Opinion: Anti-Vaping Laws Have Criminal Justice Ramifications

Disturbing videos from Ocean City, Maryland are prompting public outcry after altercations regarding public vaping resulted in teenagers being tasered, kneed, and violently restrained by police. On a recent Saturday evening, a group of teenagers were observed vaping on a boardwalk and were informed by police of a local ordinance prohibiting such activity. After speaking with the teens, police noticed a teen taking another puff from the vape. The officers re-engaged with the group and videos are now circulating showing the officers attacking the youths.  

In a separate incident, Ocean City police stopped a man for alleged vaping and tasered him while following police instructions and holding his hands above his head. According to witnesses, police ordered 18-year-old Taizier Griffin to remove his backpack and tasered him when he moved to do so. Griffin collapsed unconscious before being hog-tied by officers and placed in a police van.

Make no mistake, these alarming incidents are the direct result of efforts across the country to criminalize vaping. In the face of overwhelming data against such proposals, politicians push for prohibitions on flavors and other restrictions that exacerbate the over-policing of minority populations while harming public health.

Amidst the ongoing nationwide discussion regarding police brutality and racial equality, the Biden administration is actively taking steps to prohibit menthol cigarettes, a move that would criminalize a product used predominately among black smokers. The move is opposed by civil rights advocates like Al Sharpton and the ACLU flavor prohibitions “disproportionately impact people and communities of color,” and “instigate unconstitutional policing and other negative interactions with local law enforcement.” The Ocean City incidents perfectly illustrate the validity of these concerns.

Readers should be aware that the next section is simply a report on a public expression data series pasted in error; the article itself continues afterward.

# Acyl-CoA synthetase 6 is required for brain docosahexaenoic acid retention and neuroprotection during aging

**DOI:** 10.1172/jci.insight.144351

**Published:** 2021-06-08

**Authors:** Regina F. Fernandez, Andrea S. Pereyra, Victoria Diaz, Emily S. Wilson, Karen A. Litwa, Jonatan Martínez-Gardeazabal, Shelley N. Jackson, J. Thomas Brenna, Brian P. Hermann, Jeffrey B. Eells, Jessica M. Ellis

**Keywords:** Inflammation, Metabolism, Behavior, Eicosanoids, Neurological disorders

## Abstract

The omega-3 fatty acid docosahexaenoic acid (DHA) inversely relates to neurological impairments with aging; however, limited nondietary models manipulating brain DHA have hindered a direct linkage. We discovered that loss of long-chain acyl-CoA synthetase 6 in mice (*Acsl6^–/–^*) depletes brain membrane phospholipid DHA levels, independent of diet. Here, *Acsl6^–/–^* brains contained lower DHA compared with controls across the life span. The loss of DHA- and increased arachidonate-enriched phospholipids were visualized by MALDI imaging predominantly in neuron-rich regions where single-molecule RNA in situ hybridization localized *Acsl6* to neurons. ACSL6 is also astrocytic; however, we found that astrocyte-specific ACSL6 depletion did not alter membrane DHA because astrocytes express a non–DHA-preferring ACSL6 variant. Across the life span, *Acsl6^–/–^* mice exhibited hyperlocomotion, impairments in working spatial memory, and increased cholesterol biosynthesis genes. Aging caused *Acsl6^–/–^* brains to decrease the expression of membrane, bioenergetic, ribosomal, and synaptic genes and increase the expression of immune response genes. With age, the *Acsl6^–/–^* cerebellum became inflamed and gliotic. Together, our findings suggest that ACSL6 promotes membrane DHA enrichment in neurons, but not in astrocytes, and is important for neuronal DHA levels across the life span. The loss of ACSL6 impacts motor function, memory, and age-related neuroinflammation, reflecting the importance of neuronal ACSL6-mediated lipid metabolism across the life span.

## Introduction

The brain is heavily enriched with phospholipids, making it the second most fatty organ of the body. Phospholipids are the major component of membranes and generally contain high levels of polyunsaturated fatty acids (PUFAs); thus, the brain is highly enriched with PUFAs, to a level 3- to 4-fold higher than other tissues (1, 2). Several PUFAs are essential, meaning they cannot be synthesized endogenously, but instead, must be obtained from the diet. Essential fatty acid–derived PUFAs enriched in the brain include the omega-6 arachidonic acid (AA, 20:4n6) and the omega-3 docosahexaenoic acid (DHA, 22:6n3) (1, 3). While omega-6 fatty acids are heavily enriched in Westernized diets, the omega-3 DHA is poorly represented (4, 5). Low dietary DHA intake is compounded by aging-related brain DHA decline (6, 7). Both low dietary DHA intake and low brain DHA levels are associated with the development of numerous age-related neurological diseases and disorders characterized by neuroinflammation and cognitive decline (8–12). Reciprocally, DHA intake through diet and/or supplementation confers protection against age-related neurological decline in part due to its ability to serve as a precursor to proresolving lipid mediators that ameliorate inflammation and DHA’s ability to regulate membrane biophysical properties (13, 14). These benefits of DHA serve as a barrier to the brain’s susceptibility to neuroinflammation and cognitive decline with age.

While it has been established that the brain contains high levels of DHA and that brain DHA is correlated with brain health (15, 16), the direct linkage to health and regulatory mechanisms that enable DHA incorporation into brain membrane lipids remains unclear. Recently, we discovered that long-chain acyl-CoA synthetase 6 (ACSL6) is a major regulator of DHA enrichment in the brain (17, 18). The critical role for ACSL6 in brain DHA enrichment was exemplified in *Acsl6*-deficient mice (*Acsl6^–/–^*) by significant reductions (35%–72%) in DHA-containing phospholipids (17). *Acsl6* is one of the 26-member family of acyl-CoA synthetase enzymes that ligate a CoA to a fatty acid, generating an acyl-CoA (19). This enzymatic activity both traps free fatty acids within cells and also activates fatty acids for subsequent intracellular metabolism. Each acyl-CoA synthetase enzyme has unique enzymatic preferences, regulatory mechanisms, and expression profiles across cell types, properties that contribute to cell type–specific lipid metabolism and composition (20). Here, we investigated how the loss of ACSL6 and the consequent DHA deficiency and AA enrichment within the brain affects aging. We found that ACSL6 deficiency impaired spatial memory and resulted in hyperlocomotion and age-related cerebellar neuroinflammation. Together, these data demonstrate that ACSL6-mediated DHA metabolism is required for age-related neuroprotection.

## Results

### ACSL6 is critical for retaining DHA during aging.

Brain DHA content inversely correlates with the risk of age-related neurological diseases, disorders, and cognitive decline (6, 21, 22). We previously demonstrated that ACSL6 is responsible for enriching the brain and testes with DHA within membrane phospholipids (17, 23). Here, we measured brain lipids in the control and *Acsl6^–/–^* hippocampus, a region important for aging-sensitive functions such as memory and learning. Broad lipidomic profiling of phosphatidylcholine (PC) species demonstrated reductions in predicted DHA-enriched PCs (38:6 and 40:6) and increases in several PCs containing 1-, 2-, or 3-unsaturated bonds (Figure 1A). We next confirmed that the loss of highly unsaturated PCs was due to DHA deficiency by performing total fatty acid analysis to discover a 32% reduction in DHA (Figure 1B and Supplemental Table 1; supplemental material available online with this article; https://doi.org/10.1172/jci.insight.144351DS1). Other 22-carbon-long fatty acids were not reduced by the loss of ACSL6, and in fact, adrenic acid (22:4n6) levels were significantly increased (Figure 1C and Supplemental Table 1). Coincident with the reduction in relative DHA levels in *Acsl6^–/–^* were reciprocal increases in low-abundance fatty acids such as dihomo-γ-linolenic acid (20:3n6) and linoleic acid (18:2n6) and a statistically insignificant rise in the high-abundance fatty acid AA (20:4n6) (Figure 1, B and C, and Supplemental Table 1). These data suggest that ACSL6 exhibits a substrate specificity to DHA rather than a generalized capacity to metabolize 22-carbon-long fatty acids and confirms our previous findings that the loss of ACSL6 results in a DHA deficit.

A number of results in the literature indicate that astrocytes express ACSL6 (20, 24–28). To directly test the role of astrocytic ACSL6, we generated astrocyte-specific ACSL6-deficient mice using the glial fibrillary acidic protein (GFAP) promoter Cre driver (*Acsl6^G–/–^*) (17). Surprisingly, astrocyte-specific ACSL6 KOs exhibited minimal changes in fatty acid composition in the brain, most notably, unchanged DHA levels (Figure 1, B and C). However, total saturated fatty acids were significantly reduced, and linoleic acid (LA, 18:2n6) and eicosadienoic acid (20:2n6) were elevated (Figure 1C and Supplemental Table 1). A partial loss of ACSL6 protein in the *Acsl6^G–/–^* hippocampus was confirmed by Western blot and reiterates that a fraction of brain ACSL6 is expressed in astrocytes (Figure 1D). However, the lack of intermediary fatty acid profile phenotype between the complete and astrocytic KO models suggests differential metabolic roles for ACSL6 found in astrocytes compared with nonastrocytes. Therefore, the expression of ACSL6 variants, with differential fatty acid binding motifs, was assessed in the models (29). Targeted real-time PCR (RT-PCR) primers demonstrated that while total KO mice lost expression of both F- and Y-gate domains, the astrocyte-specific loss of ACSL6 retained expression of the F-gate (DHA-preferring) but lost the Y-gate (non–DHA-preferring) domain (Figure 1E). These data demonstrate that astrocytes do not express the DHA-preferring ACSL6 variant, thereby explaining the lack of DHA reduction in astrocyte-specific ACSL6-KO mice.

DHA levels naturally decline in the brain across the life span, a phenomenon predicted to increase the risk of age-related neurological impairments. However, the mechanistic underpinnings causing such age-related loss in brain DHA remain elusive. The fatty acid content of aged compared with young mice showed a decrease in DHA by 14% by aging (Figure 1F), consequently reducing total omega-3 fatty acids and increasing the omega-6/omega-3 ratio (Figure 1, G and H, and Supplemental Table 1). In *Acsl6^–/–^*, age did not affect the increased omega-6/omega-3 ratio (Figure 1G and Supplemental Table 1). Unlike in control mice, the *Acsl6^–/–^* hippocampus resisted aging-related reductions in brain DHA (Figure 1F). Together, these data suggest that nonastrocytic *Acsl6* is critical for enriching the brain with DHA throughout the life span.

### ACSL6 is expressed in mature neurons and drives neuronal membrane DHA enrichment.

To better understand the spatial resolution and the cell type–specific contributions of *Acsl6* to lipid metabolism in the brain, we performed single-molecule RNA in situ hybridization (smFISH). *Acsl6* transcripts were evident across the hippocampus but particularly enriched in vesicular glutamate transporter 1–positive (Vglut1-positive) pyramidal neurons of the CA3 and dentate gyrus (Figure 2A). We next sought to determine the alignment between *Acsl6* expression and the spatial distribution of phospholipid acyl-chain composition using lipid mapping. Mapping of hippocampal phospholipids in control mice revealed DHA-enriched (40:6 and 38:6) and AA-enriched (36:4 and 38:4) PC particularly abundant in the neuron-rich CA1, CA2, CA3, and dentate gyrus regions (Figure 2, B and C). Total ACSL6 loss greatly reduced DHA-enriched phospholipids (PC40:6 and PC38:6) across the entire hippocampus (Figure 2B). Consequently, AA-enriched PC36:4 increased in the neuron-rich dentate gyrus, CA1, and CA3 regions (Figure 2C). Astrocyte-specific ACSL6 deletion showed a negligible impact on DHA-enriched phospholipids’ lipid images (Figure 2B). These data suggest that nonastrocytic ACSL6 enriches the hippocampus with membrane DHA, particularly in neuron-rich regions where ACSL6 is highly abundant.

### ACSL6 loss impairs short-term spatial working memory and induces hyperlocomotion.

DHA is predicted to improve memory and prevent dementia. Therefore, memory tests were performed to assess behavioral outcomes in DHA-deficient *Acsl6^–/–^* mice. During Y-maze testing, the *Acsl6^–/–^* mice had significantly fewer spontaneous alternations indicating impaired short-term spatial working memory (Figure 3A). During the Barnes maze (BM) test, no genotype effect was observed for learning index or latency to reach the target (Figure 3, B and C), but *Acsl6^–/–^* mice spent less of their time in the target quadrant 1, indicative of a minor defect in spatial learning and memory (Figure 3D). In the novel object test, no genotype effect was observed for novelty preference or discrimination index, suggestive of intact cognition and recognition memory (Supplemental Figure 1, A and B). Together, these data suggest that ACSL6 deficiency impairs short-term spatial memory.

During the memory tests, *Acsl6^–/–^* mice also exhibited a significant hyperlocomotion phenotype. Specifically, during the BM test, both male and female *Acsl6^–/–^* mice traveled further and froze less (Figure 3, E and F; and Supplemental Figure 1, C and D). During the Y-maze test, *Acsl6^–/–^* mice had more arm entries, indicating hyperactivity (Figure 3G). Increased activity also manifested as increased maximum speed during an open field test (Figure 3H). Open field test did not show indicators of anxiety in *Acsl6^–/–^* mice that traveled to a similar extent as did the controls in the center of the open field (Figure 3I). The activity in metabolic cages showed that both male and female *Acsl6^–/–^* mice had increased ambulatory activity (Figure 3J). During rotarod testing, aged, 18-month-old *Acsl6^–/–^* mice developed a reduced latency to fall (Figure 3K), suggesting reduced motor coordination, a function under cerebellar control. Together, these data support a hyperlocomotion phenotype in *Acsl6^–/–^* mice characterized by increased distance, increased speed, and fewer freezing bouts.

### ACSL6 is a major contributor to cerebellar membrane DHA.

When Griffin was tased by police, he was subject to more harm than vaping could ever cause. Since 2000, more than 1,000 people have died after being tased by police. A study has found the shock from a taser can lead to cardiac arrest and sudden death. There has not been a single recorded case of a vaper dying from nicotine-containing e-cigarette. Tragically, nine in 10 of those who have died from being tased by police were unarmed, just like Griffin.

It should upset anyone who cares about criminal justice reform that the same politicians who claim to care about repairing the relationship between police and minority communities relentlessly push for restrictions on vaping. In doing so, they ignore the advice of countless medical experts, public health organizations, and civil rights advocates.

Unfortunately, advocating against vaping can be quite profitable thanks to billionaire Mike Bloomberg who has poured hundreds of millions of dollars into an effort to influence vaping policy. After receiving funding from Bloomberg, anti-smoking charities that had previously recommended vaping as an alternative to e-cigarettes reversed their claims.

This is the same Bloomberg who enthusiastically pushed stop-and-frisk policies in New York City. During his 12 years as mayor, police stopped and frisked roughly 5 million people, most of whom were young black or brown men. In 2013, a federal judge ruled the policy violated the rights of minorities in New York. It should come as no surprise that Bloomberg’s funding is further contributing to the over-policing of minorities.

Predictably, he enthusiastically supports President Joe Biden’s menthol proposal and claims the move will save hundreds of thousands of lives. Bloomberg should look at analysis from Georgetown University Medical Centre that estimates vaping can save 6.6 million American lives. Vaping is a life-saving invention, not something to be criminalized.

Far too often, interactions between police and people of color, like the ones in Ocean City, result in tragedies. If we as a country are serious about reforming our criminal justice system and reducing racial disparities, we must consider the consequences of public policies. Restrictions on vaping lead to incidents like the disturbing ones this past weekend and prevent smokers from transitioning to a product 95 percent less harmful than cigarettes. There can be no question that they cost lives.